The Ethical Ethos of Medicine & The Power to Heal

It is time to put patients—and all the citizens of the world—first.

In March, 2020 during the very first Zoom meeting of what would soon become the Frontline COVID-19 Critical Care Alliance (FLCCC), Dr. Paul Marik, the world’s second most highly published Critical Care physician said simply, “People are dying unnecessarily. We can—and must— treat them and save them.”

It was at once a declaration of the ability of the accomplished physician/scholars gathered to work together quickly address a dire humanitarian imperative; and to do so because it was what they were ethically called to do as physicians. Doing nothing—when they knew people could be saved—meant doing harm. The very antithesis of the venerable Hippocratic Oath.

Ethics in medicine means relentless adherence to the highest principles of care, conscience, and capability.

Add it must start with patients.


Patients First was THE reason why attendees at the inaugural FLCCC medical education conference came to Orlando, Florida in October, 2022. Their patients. Here it was safe—even strongly encouraged—to ask hard questions and to discuss/debate ongoing treatment modalities using repurposed drugs. It was safe to deliberate the horrifically damning vaccine-injury data coming out of the CDC’s VAERS website—data not spoken of (i.e. silenced/censored) by major media. Data-driven dialogues among health practitioners — like the academic conversations held at the conference — fuels the ire of the authors and defenders of official ‘COVID-speak.’ Outside the conference room doors, in major media and throughout official public health channels, the conference and all things FLCCC have always been positioned as little more than “fringe”— with “dangerous” ways of thinking and talking about academic, medical and scientific COVID disease issues. To the censors, that made the FLCCC worthy only of public mockery and condemnation—however baseless, defamatory, potentially deadly or misleading their missives were.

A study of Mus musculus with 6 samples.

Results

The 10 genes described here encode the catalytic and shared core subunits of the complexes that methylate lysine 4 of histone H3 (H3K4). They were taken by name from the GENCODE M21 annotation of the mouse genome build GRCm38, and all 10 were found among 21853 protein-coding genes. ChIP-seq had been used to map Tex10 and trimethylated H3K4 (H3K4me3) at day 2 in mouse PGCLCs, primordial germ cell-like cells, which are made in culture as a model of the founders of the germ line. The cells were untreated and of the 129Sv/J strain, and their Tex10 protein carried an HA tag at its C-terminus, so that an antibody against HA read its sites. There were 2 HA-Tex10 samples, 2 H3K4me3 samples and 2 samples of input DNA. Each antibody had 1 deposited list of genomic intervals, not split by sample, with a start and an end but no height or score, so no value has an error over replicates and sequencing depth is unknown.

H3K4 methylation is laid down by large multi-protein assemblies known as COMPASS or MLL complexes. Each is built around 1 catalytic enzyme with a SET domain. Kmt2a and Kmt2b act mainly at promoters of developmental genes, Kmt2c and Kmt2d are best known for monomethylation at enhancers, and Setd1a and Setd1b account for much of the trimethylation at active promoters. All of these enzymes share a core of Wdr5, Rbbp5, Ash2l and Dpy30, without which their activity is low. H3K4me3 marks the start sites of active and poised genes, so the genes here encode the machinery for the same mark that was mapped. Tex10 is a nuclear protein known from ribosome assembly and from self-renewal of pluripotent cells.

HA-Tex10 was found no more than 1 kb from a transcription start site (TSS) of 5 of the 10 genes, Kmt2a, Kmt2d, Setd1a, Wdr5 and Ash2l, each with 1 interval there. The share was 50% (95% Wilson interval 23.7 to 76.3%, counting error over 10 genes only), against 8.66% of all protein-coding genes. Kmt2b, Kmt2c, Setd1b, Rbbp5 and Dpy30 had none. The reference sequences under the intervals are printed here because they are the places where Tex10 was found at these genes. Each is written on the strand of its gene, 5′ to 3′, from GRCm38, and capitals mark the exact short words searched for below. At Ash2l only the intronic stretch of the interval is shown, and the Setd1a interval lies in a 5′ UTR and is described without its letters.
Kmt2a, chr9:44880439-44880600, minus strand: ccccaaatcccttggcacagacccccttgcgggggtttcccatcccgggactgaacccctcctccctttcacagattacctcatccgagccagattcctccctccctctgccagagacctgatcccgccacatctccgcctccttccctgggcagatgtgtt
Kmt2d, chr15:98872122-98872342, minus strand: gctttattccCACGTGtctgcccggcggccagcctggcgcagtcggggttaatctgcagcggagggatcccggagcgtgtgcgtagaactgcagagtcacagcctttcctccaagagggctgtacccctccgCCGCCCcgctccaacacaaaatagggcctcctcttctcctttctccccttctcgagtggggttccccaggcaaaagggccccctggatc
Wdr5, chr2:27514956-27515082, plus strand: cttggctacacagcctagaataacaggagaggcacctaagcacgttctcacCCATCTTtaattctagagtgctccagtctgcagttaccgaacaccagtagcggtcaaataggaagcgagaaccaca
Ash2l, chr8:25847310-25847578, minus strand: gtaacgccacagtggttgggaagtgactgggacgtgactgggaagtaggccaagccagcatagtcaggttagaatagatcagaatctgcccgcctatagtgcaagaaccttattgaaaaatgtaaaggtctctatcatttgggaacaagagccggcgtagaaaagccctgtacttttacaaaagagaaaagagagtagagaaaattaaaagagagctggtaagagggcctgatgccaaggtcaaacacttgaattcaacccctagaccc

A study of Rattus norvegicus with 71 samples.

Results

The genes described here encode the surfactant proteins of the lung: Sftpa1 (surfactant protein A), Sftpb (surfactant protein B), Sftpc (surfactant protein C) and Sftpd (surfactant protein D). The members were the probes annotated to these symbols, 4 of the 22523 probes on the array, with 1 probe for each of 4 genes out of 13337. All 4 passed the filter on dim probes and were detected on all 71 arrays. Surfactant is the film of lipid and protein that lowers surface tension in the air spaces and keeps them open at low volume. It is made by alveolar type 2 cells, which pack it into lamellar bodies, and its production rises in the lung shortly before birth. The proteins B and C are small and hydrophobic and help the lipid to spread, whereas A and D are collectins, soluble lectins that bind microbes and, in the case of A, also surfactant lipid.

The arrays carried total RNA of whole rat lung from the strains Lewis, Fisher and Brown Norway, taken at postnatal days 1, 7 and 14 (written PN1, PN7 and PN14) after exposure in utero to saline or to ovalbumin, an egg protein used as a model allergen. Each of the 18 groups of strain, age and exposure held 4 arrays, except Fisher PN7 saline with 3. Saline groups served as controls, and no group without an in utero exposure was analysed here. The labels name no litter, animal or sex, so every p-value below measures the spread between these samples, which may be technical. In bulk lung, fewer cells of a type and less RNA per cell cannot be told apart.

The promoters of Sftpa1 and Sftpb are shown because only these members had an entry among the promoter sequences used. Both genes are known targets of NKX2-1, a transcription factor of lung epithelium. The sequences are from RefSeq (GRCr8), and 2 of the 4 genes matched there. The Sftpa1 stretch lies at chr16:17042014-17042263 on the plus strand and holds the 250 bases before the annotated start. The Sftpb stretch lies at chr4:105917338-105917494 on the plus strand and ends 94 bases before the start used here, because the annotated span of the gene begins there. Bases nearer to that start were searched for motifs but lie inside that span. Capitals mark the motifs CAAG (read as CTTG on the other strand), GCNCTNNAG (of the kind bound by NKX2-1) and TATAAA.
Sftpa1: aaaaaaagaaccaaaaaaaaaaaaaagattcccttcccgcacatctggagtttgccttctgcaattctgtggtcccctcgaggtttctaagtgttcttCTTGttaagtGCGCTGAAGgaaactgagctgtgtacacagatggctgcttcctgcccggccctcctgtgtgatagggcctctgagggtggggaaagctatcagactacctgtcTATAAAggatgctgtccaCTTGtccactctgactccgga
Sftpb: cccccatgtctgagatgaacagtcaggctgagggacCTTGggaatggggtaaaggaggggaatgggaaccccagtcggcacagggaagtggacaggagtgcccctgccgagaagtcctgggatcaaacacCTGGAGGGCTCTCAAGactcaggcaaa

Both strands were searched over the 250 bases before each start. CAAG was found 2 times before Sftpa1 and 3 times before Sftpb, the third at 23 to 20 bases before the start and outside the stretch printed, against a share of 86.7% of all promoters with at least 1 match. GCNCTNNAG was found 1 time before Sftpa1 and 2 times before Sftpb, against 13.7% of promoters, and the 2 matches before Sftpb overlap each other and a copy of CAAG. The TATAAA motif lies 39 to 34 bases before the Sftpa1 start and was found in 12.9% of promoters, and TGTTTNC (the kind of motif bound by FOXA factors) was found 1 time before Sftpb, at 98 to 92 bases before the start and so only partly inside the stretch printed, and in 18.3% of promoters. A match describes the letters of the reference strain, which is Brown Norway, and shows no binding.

Yet at the conference, in a room infused with a shared ethical ethos, it was safe to exhale. In the conference “family” room, keynote speakers ascended the stage with hearts full of compassion and heads full of critical knowledge to impart about the treatment and understanding of a novel disease that brought the world to its knees. Discussion and debate following each presentation was heartily welcomed.

And so they asked questions and discussed and debated.

What were the safest and best therapies for their COVID patients dealing with ever-evolving variants?

What was best for their Long COVID patients?

What was best for their vaccine-injured patients?

How could they gather the latest global data on patients with Long COVID?

How could they gather the latest global data on patients with vaccine injuries?

What is spike protein and how has it caused these growing COVID-related health crises?

How could they keep from facing harsh disciplinary actions for failure to adhere to “official” treatment guidance?

They knew they had come to an inviolable place to find answers and support—free of ridicule or disdain. It was the fullness of being amongst a family that had unknowingly bonded on what was once a lonely, mine-laced battlefield.

Patients first.


From the start, the FLCCC embraced and nourished an Ethical Ethos of Medicine that grew and rooted itself in the welfare of humanity. Though this ethical ethos has never been codified per se, FLCCC physicians, our clinical advisors, alliance associates, staff, volunteers, patients, families, supporters, colleagues who have locked arms to defend the Hippocratic Oath to ‘do no harm’—and legions of others around the world— can delineate a similar narration of our shared ethical ethos as that which follows.